One of the challenges with believing that Level 1 Value (the value in your product itself) is enough to create a preference to change providers, is that it leads to behaviors like sending a quote. Even if you sell a pure commodity, unless your strategy is to win by always having the lowest price, a quote isn’t likely to compel your dream client to change—and why should they when you have created no compelling reason to do so? You are better off with a consultative sales approach.
Let’s be clear about the difference between a transactional sale and a transactional approach to selling. In the case of a transactional deal, the client is making a decision they make frequently enough to know what they need, and one with little risk to them or their business. A transactional approach to selling, even when one sells a commodity, is to believe that there is no greater value you can create for your client. It’s an approach that absolves you of the responsibility for creating greater value for your client—mostly to your detriment.
Turning a Transactional Sale into Consultative
Imagine a salesperson sells the same computers as their competitors. The client sends a request for a quote to all of their suppliers, seeking the lowest price. All of the suppliers respond with quotes that are only separated by a few pennies. On what criteria should the client decide which supplier they select to fulfill their order when the only difference is the price? This time one competitor wins, the next time another lowers their price to acquire the orders, and so begins the great race to the bottom.
Imagine instead that one salesperson reads the request for quote and calls the client to share an insight and idea. This rep calls to share with the client that the item they want to order is fine, but there is a better option available to them without their having to invest much more than they would spend on what they requested. This is the application of caring enough to call, and it is the application of business acumen and situational knowledge, two factors that change a transactional approach to selling to something more consultative. While it’s possible—and in some cases, likely—a person in purchasing may send another request for a quote, but there are cases where they will also give the order to the person who takes the more consultative approach.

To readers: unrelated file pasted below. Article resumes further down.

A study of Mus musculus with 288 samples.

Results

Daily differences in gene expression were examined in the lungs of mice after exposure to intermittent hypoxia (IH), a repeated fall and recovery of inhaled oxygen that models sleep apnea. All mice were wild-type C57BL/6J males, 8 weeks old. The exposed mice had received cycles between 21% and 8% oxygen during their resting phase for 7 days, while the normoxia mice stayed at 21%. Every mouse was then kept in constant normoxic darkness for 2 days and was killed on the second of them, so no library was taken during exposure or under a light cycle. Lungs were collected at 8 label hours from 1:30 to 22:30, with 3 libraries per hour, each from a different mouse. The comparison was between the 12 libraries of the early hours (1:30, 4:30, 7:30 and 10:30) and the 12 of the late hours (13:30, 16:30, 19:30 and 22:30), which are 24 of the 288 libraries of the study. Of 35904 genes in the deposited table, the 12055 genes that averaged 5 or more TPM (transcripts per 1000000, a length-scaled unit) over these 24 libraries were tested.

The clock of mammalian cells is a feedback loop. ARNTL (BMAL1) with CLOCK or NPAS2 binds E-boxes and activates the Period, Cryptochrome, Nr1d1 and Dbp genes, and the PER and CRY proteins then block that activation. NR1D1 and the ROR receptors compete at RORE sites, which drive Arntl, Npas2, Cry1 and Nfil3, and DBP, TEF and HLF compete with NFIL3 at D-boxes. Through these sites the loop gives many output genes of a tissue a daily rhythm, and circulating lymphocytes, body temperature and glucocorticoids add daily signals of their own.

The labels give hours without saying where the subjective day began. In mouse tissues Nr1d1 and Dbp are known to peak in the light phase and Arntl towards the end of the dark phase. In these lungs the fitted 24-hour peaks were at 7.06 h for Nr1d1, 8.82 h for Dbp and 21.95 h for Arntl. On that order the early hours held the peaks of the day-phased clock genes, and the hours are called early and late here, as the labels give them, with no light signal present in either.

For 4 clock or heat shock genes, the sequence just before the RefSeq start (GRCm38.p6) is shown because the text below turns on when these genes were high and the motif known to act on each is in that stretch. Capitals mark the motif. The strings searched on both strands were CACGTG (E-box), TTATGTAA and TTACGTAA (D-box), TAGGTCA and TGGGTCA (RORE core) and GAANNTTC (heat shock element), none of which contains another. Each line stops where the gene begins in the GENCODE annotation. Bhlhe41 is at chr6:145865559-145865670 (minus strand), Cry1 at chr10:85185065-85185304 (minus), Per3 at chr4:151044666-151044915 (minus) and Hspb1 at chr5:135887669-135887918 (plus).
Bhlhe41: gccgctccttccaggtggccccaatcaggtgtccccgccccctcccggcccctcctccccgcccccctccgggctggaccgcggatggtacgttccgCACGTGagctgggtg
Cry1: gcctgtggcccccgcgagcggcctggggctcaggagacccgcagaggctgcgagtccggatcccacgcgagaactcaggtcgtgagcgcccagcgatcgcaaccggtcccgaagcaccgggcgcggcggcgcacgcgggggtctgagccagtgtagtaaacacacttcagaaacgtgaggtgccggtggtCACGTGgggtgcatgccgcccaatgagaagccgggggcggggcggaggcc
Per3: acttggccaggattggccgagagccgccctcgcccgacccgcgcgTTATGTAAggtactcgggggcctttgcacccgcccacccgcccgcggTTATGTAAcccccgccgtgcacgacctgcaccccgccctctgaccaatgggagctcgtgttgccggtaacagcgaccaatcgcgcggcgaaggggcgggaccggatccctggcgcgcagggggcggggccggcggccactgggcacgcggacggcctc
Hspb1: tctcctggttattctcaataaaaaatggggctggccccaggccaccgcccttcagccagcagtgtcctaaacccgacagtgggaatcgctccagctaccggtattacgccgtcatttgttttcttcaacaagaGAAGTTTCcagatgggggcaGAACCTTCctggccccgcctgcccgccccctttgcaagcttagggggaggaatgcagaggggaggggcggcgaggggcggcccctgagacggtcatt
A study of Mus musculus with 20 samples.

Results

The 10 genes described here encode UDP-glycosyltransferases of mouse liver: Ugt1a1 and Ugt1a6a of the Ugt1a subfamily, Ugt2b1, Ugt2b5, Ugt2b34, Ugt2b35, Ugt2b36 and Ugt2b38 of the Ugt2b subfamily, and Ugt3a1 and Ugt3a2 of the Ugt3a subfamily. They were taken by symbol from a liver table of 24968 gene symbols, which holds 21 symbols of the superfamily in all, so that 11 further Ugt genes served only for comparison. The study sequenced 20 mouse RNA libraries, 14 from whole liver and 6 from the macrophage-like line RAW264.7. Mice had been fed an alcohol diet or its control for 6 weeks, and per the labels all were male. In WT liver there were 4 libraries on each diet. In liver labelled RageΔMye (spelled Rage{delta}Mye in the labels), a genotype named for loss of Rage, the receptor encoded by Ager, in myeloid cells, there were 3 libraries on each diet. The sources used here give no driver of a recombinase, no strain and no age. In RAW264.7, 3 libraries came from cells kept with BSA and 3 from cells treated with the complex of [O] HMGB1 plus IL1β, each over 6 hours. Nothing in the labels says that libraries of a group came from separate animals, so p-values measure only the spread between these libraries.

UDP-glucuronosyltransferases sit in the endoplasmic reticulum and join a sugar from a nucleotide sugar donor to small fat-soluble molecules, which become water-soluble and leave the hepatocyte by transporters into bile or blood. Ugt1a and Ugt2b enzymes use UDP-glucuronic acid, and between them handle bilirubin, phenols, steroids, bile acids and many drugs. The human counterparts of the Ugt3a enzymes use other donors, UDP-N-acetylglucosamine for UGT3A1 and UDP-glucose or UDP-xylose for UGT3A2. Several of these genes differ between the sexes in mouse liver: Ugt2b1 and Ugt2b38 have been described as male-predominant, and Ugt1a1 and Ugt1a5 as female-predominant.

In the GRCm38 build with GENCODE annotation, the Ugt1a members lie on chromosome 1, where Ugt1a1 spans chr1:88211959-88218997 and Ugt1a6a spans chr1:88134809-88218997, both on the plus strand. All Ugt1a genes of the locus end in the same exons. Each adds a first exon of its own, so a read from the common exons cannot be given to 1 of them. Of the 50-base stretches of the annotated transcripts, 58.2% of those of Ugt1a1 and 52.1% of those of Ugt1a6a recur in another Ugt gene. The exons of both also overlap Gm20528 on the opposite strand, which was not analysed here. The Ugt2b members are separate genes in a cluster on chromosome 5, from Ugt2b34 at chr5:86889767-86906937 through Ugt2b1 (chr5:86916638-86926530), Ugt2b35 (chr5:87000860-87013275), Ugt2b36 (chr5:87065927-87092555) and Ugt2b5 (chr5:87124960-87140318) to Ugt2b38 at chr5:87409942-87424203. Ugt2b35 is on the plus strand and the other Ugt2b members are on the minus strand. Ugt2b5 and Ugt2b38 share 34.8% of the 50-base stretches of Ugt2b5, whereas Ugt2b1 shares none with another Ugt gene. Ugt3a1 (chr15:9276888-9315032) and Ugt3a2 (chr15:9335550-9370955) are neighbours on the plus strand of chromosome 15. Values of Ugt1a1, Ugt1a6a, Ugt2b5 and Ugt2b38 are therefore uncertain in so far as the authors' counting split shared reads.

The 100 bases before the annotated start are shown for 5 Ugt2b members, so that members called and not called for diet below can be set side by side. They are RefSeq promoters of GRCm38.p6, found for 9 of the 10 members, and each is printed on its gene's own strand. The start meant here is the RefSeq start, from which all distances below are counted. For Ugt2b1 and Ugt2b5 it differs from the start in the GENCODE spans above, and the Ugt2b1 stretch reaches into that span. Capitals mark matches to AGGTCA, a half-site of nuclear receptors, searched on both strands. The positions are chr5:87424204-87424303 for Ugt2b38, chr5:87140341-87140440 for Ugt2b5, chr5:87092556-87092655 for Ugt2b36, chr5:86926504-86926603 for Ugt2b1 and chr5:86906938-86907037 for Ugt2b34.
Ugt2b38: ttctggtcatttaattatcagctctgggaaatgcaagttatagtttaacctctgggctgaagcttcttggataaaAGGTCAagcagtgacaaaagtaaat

Using a Consultative Approach to Move Up
The decision to be consultative around commoditized sales isn’t a new idea. Salespeople and sales organizations have been effectively doing so for decades by moving up to higher levels within their prospect’s organizations and creating more significant and more meaningful opportunities to develop contracts in which they receive all of the transactions. The starting point is creating greater value, value worth eliminating the need to send out a request for quote for every single transaction.
The ideas and insights you have that would reduce your transactional client’s overall costs are best employed with stakeholders higher up in the organization, the business owner’s who invest—and who are often willing trade a higher price for lower costs, something only possible when there is value above the product itself.
Level 2 Value is experience, meaning you are easy to do business with and have excellent service and support, all of which may lower costs even when your price is higher. Level 3 Value is execution, which means producing a better, more consistent result, one that is better than your competition, also something that justifies the delta between your price and your competitor’s. Level 4 Value is strategic outcomes, which means advise on how to create better results that are tied to directly to your dream client’s strategic initiatives and goals, something that differentiates you from the most crowded of fields.
For more on understanding the Levels of Value and competitive displacements, pick up my book, Eat Their Lunch: Winning the 10 Commitments That Drive Sales.